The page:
ÉCU – The European Independent Film Festival – has always been a huge proponent of the discovery and celebration of not only European but global independent filmmaking. Throughout the 15 years that we have now existed in the world of indie cinema, we have been consistently impressed by the calibre, diversity and quantity of film submissions that we have received from the Arab region. In fact, the indubitable filmic talent which has been flourishing in the area pushed us to create an award as part of our festival, The Ahmed Khedr Award for Excellence in Arab Filmmaking, which is dedicated to outstanding cinematographic talent emerging from the region.
Founded in 2013, the award was established during the 8th edition of ÉCU in memory of the late Ahmed Khedr, a talented producer and director at MBC’s 03 Productions in Dubai who worked in the industry for many years, including producing a film with ÉCU’s President Scott Hillier. During its inaugural year, we shone a well-deserved beam on the six talented independent Arab directors who constituted our Arab Special Selection, a concrete validation of our commitment to increased diversity and multiculturalism in the films which we celebrate. This cherished tradition of ours has continued to the present day and the award has become one of our most sought after accolades.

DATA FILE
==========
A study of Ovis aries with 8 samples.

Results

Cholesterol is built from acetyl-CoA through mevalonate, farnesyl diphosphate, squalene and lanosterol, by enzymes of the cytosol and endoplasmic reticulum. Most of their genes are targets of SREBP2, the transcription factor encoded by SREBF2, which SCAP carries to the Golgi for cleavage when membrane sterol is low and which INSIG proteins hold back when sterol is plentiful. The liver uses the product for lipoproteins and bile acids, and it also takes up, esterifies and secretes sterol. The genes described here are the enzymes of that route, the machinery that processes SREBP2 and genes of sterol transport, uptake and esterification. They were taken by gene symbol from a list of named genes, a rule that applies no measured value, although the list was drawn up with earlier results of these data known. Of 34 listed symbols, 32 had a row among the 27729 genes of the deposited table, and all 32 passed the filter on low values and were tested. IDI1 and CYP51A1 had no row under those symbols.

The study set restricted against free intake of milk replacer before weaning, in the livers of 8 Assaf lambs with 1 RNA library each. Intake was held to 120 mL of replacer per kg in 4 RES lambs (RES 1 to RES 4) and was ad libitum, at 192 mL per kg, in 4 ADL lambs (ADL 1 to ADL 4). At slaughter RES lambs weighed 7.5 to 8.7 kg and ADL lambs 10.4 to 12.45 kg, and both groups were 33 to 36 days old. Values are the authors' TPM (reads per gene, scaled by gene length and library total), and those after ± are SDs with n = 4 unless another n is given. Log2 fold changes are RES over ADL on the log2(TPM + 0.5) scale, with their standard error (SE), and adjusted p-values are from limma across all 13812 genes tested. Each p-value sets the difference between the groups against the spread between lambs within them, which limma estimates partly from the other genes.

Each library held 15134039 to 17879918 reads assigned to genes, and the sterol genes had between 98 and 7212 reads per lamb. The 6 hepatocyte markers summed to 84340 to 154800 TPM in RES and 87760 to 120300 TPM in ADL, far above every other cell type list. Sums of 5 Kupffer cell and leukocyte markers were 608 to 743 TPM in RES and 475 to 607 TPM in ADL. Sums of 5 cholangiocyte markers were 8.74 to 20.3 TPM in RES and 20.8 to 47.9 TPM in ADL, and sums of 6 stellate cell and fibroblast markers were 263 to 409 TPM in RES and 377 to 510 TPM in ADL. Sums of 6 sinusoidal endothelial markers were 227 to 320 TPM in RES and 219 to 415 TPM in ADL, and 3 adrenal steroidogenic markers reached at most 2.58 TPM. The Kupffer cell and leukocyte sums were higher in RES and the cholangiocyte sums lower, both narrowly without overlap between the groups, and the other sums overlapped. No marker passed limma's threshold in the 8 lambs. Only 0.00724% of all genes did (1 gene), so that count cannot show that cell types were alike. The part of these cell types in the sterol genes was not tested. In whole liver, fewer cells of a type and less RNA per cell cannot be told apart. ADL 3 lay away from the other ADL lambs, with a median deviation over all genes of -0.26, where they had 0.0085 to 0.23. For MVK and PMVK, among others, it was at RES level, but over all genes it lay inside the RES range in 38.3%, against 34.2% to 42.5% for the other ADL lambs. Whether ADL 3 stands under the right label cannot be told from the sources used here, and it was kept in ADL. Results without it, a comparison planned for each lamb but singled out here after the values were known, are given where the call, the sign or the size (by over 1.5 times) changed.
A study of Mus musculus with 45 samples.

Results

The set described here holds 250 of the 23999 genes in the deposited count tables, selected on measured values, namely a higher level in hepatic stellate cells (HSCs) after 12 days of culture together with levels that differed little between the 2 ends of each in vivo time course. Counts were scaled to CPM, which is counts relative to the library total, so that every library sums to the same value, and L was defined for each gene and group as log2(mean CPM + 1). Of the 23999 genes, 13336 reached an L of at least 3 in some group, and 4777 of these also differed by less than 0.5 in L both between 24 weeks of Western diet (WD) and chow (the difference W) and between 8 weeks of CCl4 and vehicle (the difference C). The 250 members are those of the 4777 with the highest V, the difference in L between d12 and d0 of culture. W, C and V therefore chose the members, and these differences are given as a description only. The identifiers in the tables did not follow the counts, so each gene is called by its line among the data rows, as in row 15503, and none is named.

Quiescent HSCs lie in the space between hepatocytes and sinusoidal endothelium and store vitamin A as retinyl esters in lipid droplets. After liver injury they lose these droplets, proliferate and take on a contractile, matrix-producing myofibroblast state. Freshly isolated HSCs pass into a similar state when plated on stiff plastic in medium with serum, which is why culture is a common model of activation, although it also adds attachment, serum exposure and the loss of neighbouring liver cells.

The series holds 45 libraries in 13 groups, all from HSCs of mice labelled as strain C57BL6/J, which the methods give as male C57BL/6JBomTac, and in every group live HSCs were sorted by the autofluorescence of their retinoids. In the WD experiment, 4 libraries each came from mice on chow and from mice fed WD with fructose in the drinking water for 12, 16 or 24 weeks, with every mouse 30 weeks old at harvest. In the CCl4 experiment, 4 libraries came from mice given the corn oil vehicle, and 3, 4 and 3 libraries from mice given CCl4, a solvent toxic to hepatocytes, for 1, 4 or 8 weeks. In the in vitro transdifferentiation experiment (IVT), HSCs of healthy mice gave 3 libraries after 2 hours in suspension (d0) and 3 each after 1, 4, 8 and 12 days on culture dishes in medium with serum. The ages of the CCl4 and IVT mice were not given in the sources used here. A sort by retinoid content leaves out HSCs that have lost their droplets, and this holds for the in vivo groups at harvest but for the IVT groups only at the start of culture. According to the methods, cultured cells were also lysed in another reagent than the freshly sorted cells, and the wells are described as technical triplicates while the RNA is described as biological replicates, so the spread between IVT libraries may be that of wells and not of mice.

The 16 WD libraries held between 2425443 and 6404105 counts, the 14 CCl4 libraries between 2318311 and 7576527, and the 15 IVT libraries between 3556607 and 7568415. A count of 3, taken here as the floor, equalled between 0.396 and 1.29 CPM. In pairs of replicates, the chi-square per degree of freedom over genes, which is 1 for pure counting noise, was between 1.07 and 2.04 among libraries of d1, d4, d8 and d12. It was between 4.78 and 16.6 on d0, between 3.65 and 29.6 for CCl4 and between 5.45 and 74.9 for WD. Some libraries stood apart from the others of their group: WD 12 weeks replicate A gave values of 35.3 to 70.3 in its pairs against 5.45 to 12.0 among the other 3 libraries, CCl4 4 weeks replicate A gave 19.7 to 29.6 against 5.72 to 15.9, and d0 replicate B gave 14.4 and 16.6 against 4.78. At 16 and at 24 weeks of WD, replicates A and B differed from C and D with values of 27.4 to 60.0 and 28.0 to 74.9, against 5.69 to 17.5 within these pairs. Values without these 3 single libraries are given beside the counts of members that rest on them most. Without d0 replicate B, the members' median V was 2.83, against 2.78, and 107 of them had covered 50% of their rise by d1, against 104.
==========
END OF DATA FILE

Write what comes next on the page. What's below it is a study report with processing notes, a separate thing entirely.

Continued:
In demonstrating our strong support of Arab filmmakers and their creative talents, we simultaneously express our commitment to the diffusion of their unique, rending tales which can be told by no other voices but theirs. Sam Kadi, the talented director of Little Gandhi – the 2016 Ahmed Khedr award-winning film – says, “This [award] is not for me, this is for 500 thousand victims, Syrian victims who lost their lives. This is for the 12 million displaced people. This is for the 400 thousands prisoners. This is for over half a million injured people. Little Ghandi was a story of a nation and Little Ghandi was a symbol that we wanted to bring to you.”
The films which constituted the Arab Special Selection as part of our 2017 Official Selection emerged as an especially sensitive, poignant and profound series of filmic odes to a variety of pertinent themes, from mental health and ancestral ties to war and petty crime. That year, four stunning films comprised our stunning Arab Special Selection: Dalia Musaad’s poignant portrayal of a loving yet doleful mother-son relationship in The Boy Who Cried Fish, Sama Waham’s strikingly poetic quest into her ancestral lineage in Sing For Me, Hassanein Khazaal’s portrait of the modern, young Iraqi man in Last Seen and Hisham Sharafeddine’s witty take on a modern city’s corruption in Night-Shift.
ÉCU’s Excellence in Arab Filmmaking award gives us the opportunity to dedicatedly showcase the best crop of the creative and innovative films that we receive from the region. We are always tremendously excited to share these indie gems with our ever expanding audience so that not only can the films which win this prestigious award gain a huge surge in recognition, but also so that we can present our audience with a wider, more eclectic understanding is what indie filmmaking truly is.